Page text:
COLUMN

Poor Toronto, the last to know

Allan Fotheringham July 18 1983
COLUMN

Poor Toronto, the last to know

Allan Fotheringham July 18 1983

Poor Toronto, the last to know

COLUMN

Allan Fotheringham

The most pitiful thing in the world to see is a city that is embarrassed. Wounded civic pride is painful to behold. Chagrined city fathers gnash their teeth and rend their bosoms in public, issuing little bleats of guilt, filling the gutters with their tears. Poor Toronto, beloved by all, is in this state at the present time. The occasion, viewed with stunned surprise by the residents of the country’s largest and richest and most superior city, is the opening of a domed stadium in Vancouver. The astonishment that this has engendered on the shores of Lake Ontario is akin to news from the hinterland that they have completed sidewalks in Edmonton and electric lights have just been introduced in Regina.

From the bleats of Toronto’s official figures you would have thought Calgary had opened an opera house, Montreal had discovered traffic lights or color television had made its way to Halifax. Torontonians reeled in shock, many of them fainting in the streets, the remainder wandering the graceful boulevard of Yonge Street with a dazed look in their orbs, their faces all pasty. It has been the greatest shock to the metropolis since Punch Imlach last removed his hat.

What has so disturbed the natives is that Vancouver seemed to do it all by stealth, sneaking up on unsuspecting Toronto with this sudden apparition that looks like an overdone loaf of bread. Since the Toronto press generally regards any news emanating from more than 50 km outside Metro as something that deserves to appear on the extraterrestrial pages, the news that Vancouver had been building the thing for two years or so had never penetrated the local headspaces. The official opening on the coast was regarded as an affront, a calculated insult especially designed to make fools of those who lead the nation from its most important city.

Toronto has never really recovered, if the truth be known, from the miracle

Allan Fotheringham is a columnist for Southam News.

that Montreal pulled off with Expo 67, which was followed by the cleverly financed Olympic Games, signifying that Montreal was a world-class city while Toronto got on with its strenuous imitation as a failed Boston. Montreal has the Big Owe as its major-league ball park, while Toronto has to be content with Exhibition Stadium, a do-it-yourself collection of bleachers which looks as if it was assembled like a Lego set and serves mainly as a backdrop for the stage shows of imported Hollywood crooners at the CNE, the largest farm fair in captivity.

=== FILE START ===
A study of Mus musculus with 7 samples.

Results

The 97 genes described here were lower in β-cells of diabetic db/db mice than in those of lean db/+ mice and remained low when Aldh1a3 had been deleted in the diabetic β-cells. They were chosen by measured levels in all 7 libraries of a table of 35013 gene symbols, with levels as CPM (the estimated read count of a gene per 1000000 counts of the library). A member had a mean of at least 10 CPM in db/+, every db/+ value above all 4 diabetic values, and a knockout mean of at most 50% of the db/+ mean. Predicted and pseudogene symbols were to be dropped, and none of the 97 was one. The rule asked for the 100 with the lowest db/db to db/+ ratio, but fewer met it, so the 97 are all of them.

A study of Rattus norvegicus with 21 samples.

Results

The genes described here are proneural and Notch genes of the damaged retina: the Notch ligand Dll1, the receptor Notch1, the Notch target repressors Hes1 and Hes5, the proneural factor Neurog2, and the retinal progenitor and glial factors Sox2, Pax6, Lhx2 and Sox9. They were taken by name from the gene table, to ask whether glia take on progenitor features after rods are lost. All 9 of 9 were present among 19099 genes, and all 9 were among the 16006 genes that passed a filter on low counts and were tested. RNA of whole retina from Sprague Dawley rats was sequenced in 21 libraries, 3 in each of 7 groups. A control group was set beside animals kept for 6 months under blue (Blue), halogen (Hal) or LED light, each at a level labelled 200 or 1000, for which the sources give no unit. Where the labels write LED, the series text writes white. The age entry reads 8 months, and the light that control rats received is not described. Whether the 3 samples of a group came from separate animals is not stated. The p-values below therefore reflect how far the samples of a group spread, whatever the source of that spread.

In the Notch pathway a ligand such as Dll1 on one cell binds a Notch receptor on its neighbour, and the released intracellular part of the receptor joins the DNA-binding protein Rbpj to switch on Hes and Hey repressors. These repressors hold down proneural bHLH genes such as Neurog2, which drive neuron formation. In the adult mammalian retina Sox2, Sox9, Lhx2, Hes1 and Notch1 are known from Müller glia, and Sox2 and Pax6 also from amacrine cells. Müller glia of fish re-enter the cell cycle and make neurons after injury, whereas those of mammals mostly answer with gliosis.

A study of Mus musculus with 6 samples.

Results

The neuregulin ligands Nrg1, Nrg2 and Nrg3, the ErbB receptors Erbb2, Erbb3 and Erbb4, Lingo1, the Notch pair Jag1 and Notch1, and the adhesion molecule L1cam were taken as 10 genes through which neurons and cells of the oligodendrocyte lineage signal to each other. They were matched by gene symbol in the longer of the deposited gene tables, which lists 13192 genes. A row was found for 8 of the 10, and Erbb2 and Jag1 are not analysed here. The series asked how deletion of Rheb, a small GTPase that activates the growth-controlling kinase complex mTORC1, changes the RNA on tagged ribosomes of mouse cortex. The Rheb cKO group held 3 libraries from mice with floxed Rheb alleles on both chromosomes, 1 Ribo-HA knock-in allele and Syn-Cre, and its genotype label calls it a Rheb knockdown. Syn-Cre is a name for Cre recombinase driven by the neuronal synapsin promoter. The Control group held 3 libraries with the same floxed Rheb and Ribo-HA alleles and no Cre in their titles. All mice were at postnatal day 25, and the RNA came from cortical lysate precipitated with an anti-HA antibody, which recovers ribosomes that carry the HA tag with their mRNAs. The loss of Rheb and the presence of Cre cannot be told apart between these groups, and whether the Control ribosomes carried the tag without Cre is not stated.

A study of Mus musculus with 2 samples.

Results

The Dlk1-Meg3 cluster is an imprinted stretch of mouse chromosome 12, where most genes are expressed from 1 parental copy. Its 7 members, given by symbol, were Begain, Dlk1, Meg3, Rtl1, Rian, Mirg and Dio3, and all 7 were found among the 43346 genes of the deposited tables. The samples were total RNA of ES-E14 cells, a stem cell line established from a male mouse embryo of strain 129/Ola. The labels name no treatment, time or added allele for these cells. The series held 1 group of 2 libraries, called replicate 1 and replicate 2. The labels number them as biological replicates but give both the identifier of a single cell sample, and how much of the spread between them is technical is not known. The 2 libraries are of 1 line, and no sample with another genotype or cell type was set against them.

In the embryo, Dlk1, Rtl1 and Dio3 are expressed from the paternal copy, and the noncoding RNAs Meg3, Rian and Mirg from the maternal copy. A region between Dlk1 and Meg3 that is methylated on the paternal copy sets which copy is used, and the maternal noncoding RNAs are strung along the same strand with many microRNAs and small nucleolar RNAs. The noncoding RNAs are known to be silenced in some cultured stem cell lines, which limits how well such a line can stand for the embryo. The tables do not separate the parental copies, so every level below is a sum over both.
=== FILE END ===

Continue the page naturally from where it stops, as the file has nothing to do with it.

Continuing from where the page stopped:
There is the further problem, a burr under the blanket of all this money, that there seems to be too much energy, too much initiative being generated out in the boondocks. Edmonton has produced the best football team in the land for the past five boring years. Edmonton now has the best hockey club in Canada and seems on its way to a dynasty in that sport with its youthful and maturing team. It owns the best hockey player in the world in Wayne Gretzky. Edmonton seems to have staged the hugely successful Commonwealth Games just the other week, and now the city is back with something second only to the Olympics—the World University Games. Calgary and Banff are now prepping for their time on the world stage with the 1988 Winter Olympics.

Vancouver hosted the Landy-Bannister British Empire Games, seemingly that long ago and now, in 1986, will mount a world’s fair on the banks of False Creek built around the focal point of the new domed stadium and, as a

bonus, will add an international cruise ship terminal and convention centre, shaped like billowing sails, that will jut out into the harbor.

What is further grating is that the 60,000-seat Vancouver dome, in the country’s most fractious labor climate, was built on time and within budget. It cost “just” $126 million, which is less than the estimated cost of what it would take to cover the puzzling hole in Montreal’s roof—if the engineers can ever decide that the hastily built structure can support the uncompleted tower. There is the suspicion that half those gravel trucks may have been filled with more sawdust than gravel.

So we have this further niggling feeling that those on the frontier (i.e. building Vancouver’s dome) have a more resolute thrust of chin and are four-square toilers, clearing the timber and burning the stumps as they go, dreaming of the day they too can become a province of quiche eaters. The solution? The only answer to this clear challenge to Toronto’s suz premacy? The only Sj weapon Toronto knows: £ money. So Vancouver built g the newest and most mod“ ern domed stadium in the world for $126 mill? The Toronto citizenry is being bombarded with propaganda about the urgency for a $U0-million dome to shut out the sunshine and the stars, the fresh lake breezes and the aromatic perfumes floating in from the Gardiner Expressway.

The 55,000-seat Exhibition Stadium and the 27,000 seats in Varsity Stadium and Maple Leaf Gardens are not enough. Windsor, which wants to get into the Canadian Football League but needs a stadium, does not matter. A new playpen for the jocks, Metro Chairman Paul Godfrey asserts daily in the papers, is the only thing that stands between Toronto and economic collapse, unrest in the streets and galloping ringworm. Toronto does not suffer from a need for new playpens, financed by taxpayers so as to make beer companies rich. It suffers from a sorrowful insecurity, a bewildering suspicion that there may be something going on out there in the hinterland. It’s tough being the last one to know.